Electric toothbrushes. Digital thermostats. Washing machines. These typical department store objects are no longer just things – they are now part of the rapidly growing technological sector fondly referred to as the “Internet of Things,” or IoT. And as the technology world gathers this week in Las Vegas for the Consumer Electronics Show, the IoT has taken front and center stage.
In short, the IoT refers to physical objects that have a digital presence on the Internet. Connecting via Bluetooth or a home Wi-Fi network for example, appliances are able to seamlessly upload information and data about their usage to give users a better understanding of usage patterns and efficiency.
Take for example, the toothbrush. While it has gone largely unchanged for decades, Paris-based company Kolibree has announced what it calls the world’s first connected electric toothbrush. Connected wirelessly via Bluetooth and paired with a mobile app, the Kolibree smart toothbrush records every stroke, and delivers stats to users letting them know when they’ve brushed enough, when “hard-to-brush” areas have been reached, and information about how to improve brushing habits.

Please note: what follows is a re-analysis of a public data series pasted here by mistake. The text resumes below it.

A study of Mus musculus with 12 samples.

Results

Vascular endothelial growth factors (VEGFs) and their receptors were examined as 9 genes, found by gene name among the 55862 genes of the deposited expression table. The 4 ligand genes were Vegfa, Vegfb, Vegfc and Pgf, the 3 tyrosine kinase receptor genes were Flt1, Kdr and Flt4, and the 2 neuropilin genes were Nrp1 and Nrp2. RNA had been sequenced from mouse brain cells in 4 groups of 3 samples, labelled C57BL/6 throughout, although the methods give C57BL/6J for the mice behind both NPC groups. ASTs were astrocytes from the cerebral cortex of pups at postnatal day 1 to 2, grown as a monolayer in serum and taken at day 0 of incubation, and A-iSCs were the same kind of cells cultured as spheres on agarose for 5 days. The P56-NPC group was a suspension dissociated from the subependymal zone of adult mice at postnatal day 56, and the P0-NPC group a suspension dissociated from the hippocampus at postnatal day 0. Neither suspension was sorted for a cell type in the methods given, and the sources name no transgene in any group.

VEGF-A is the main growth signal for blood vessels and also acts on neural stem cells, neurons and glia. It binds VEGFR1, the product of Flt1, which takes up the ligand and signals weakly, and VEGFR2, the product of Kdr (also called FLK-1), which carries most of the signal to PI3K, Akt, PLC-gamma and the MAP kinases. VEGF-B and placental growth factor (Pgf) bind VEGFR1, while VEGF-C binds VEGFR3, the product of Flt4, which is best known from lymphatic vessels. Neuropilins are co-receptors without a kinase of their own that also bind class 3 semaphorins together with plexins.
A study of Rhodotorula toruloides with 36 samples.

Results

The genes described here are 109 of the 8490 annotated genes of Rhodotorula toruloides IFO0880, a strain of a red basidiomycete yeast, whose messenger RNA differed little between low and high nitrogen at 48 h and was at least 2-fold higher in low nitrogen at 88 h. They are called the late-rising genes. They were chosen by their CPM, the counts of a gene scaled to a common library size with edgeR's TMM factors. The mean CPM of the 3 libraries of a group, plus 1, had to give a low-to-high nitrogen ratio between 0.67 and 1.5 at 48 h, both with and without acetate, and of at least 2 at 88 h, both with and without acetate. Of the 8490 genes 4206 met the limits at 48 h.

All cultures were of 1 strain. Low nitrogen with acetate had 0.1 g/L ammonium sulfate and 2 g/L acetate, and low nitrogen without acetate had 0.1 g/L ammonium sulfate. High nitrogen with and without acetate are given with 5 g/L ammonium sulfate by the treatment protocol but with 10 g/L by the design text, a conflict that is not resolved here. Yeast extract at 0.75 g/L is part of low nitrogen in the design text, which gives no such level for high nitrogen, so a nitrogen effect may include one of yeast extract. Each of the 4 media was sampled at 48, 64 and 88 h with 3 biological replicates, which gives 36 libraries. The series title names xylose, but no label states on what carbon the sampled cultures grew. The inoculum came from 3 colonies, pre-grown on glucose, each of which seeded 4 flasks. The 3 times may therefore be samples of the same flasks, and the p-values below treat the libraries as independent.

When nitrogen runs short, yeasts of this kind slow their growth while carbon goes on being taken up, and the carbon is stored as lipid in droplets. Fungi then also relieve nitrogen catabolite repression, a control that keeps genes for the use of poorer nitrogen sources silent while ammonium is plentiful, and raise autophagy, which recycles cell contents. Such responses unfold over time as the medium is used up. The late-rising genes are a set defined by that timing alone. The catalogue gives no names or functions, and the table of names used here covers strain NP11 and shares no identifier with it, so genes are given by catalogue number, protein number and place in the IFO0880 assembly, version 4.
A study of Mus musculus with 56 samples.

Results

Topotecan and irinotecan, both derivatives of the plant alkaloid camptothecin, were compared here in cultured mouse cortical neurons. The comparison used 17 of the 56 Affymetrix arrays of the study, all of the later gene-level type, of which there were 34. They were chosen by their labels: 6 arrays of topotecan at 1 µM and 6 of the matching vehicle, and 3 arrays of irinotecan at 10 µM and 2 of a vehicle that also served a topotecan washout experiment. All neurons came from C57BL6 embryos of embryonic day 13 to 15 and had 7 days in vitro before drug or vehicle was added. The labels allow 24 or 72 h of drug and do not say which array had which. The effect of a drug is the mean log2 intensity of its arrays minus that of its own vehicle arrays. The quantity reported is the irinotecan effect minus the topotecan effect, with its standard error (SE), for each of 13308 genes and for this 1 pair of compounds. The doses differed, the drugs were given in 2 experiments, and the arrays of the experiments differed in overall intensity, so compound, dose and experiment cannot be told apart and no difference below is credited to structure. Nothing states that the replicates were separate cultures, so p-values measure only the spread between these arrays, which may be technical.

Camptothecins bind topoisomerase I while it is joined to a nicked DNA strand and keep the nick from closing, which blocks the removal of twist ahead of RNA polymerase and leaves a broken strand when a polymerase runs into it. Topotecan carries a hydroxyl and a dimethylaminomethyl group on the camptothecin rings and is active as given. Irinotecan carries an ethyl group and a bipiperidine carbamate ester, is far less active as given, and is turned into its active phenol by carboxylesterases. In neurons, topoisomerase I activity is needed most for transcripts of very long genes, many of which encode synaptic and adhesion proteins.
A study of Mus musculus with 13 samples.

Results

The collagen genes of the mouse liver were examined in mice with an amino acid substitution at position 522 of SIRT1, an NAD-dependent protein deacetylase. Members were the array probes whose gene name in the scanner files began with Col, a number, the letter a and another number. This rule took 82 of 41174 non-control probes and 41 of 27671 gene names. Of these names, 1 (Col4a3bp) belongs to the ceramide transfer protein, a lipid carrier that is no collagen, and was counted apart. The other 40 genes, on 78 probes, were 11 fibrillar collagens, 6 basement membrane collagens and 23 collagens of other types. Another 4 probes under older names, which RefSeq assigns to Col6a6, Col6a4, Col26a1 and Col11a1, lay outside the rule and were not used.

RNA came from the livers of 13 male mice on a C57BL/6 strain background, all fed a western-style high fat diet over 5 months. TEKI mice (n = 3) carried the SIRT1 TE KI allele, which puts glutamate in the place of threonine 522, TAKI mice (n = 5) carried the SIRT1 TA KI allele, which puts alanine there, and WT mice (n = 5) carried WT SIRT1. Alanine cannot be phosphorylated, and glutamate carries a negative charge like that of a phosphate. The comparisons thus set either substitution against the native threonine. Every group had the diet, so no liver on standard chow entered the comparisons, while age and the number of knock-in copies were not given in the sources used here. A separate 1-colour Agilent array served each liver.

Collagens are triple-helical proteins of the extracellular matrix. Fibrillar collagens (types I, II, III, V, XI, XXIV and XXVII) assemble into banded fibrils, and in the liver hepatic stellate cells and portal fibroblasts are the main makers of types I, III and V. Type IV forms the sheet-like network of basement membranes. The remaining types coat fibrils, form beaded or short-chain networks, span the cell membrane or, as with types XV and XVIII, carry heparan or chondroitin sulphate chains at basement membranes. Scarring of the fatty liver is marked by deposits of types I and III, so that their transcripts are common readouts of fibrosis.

However, dentists aren’t the only ones who can get excited about devices transitioning into the IoT. Since arriving yesterday at CES, I’ve seen a multitude of devices such as heart rate monitoring headphones, tennis rackets, and even CrockPot slow cookers that use wireless technology to connect users to their devices like never before.
Could it be that the IoT is ringing in a completely new era in tech? It’s safe to say that CES is no longer limited to OEMs showing off faster processers and high-definition displays. Rather, companies are now using these connected devices to appeal to just about everyone – or, at least everyone who uses a toothbrush.